Burton View

Council approves contract after procedural woes

BURTON — In the end, a lengthy discussion over an error in the minutes for a Feb. 5 council meeting all boiled down to one thing – a typo.

The Burton City Council spent a good portion of its 55-minute meeting Feb. 19 figuring out procedural matters regarding the tabling of a construction engineering project at its Feb. 5 meeting which appeared as an approved item in the minutes for the earlier meeting.

During approval of the minutes Councilwoman Candice Miller said she was reading through the minutes and noticed the action taken Feb. 5, where the council voted to table a contract with ROWE Professional Services Company for construction engineering of Bristol Road from Saginaw to Dort Highway, showed the council had approved the contract instead.

At issue Feb. 5 was the motion read the cost would be $190,798.25, where other paperwork had indicated the construction engineering fee breakdown was actually $124,030.

The project was then tabled at the Feb. 5 meeting but was reflected as approved in the minutes.

Clerk Racheal Boggs said the council could make a motion to approve the minutes with the following corrections.

“The problem is the item that was tabled is coming back in front of you tonight,” she said. “I think that’s where the issue is. You could say ‘I’d like to make a motion to approve the minutes with the following corrections’.”

Attorney Amanda Doyle told the council they can always approve minutes with corrections. She said the council can also postpone action on the minutes until later in the meeting.

Council President Greg Fenner attempted to make a motion to postpone the minutes, but Heffner said he thought tabling would be a better solution.

“It appears we didn’t table it and we approved it. Now we have to vote on the tabled measure and we want to get the minutes right prior to that,” Fenner said. “What I’m looking for is the easiest way forward.”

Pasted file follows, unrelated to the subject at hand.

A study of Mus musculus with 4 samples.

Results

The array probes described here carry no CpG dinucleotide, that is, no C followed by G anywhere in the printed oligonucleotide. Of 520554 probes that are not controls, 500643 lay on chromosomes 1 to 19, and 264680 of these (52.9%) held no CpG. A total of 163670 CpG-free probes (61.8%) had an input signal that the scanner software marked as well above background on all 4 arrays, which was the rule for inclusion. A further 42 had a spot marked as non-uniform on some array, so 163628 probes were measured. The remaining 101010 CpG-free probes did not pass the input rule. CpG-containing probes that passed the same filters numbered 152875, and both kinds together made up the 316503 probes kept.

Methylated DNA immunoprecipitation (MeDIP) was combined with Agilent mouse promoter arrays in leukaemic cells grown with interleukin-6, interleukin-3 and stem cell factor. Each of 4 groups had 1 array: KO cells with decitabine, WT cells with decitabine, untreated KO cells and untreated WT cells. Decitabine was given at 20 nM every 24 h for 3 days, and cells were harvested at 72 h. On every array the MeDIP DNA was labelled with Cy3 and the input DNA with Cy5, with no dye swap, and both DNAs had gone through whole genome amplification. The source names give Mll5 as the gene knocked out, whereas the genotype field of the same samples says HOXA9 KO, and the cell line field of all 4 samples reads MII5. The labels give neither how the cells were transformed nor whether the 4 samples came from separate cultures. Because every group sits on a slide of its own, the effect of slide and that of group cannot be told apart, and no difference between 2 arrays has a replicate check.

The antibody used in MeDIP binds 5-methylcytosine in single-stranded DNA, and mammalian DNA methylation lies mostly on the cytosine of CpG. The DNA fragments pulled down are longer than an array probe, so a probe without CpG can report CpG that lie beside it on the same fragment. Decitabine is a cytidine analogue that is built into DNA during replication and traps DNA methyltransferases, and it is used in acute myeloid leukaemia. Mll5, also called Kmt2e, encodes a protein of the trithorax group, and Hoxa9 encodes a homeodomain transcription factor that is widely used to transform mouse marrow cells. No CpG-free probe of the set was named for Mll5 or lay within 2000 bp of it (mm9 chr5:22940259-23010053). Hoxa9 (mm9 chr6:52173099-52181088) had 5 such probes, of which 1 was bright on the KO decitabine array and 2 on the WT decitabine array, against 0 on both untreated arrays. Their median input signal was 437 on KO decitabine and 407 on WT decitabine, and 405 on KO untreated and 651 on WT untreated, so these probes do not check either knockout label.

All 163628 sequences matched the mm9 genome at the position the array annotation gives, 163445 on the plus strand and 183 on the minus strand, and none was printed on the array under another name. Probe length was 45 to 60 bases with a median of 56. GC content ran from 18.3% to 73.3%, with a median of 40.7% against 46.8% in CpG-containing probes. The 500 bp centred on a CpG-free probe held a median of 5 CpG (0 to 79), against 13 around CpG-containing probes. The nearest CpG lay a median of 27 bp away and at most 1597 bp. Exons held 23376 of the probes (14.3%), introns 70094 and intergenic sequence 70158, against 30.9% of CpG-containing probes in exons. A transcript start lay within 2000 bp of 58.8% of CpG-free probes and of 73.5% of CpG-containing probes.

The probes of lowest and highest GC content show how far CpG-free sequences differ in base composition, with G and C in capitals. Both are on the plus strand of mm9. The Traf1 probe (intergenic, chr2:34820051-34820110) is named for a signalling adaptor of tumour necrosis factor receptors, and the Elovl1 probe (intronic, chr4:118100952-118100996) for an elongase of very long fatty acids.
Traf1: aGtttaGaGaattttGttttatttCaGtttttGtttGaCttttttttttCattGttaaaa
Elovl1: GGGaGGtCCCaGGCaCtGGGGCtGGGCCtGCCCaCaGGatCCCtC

Councilman Vaughn Smith suggested voting on the first two sets of minutes from other meetings the council held Feb. 5 and vote on the third set that was in question later in the meeting.

Doyle questioned why the council couldn’t just postpone approval until later, but Councilman Gary Wines said the council would be voting on the project later in the meeting with new materials requested at the time the matter was tabled Feb. 5.

“We have the information in the new packet for the reason we tabled it in the first place,” Wine said. “I understand we want the minutes to be correct.”

Heffner said it’s not about the information the item was tabled for, but rather the information the council discussed and its actions which are not reflected in the minutes.

Fenner said he understood and added the council doesn’t want to give the appearance it is approving something the minutes already reflect as being approved on Feb. 5 when it was actually tabled.

Mayor Duane Haskins asked the council would it vote on a tabled item tonight if it wasn’t previously tabled.

Furthermore, if you want the minutes changed, you can make the motion saying with the changes to these minutes approve and vote on all three of them at once,” Haskins said. “It’s that simple.”

Fenner asked if Boggs could make the changes right now, but she said she could not while facilitating the meeting because it is done in the same system.

“But you can say, ‘with the following amendments” and approve it tonight,” she said. “That’s absolutely fine.”

Councilman Steve Heffner then made a motion to table the regular meeting minutes from Feb. 5 until the next meeting, which was supported by Miller.

Wines and Hull voted no, while the rest of the council voted yes for a 5-2 approval on the tabling.

Later in the meeting, the council voted to un-table the item and discussed it further before a vote.

Heffner asked the administration to answer the question raised Feb. 5 about the difference in prices in the original motion and the paperwork.

Charles Abbey, director of the DPW, said the $124,030 was a typo in the paperwork. He said the company uses a form which it enters and deletes information from and attributed the error to someone not replacing a previous figure with new numbers.

“It was an oversight on their part,” he said. “But we didn’t have back up stuff you asked for and it has clarified that info.”

The council voted unanimously to approve the project for the $190,798.25.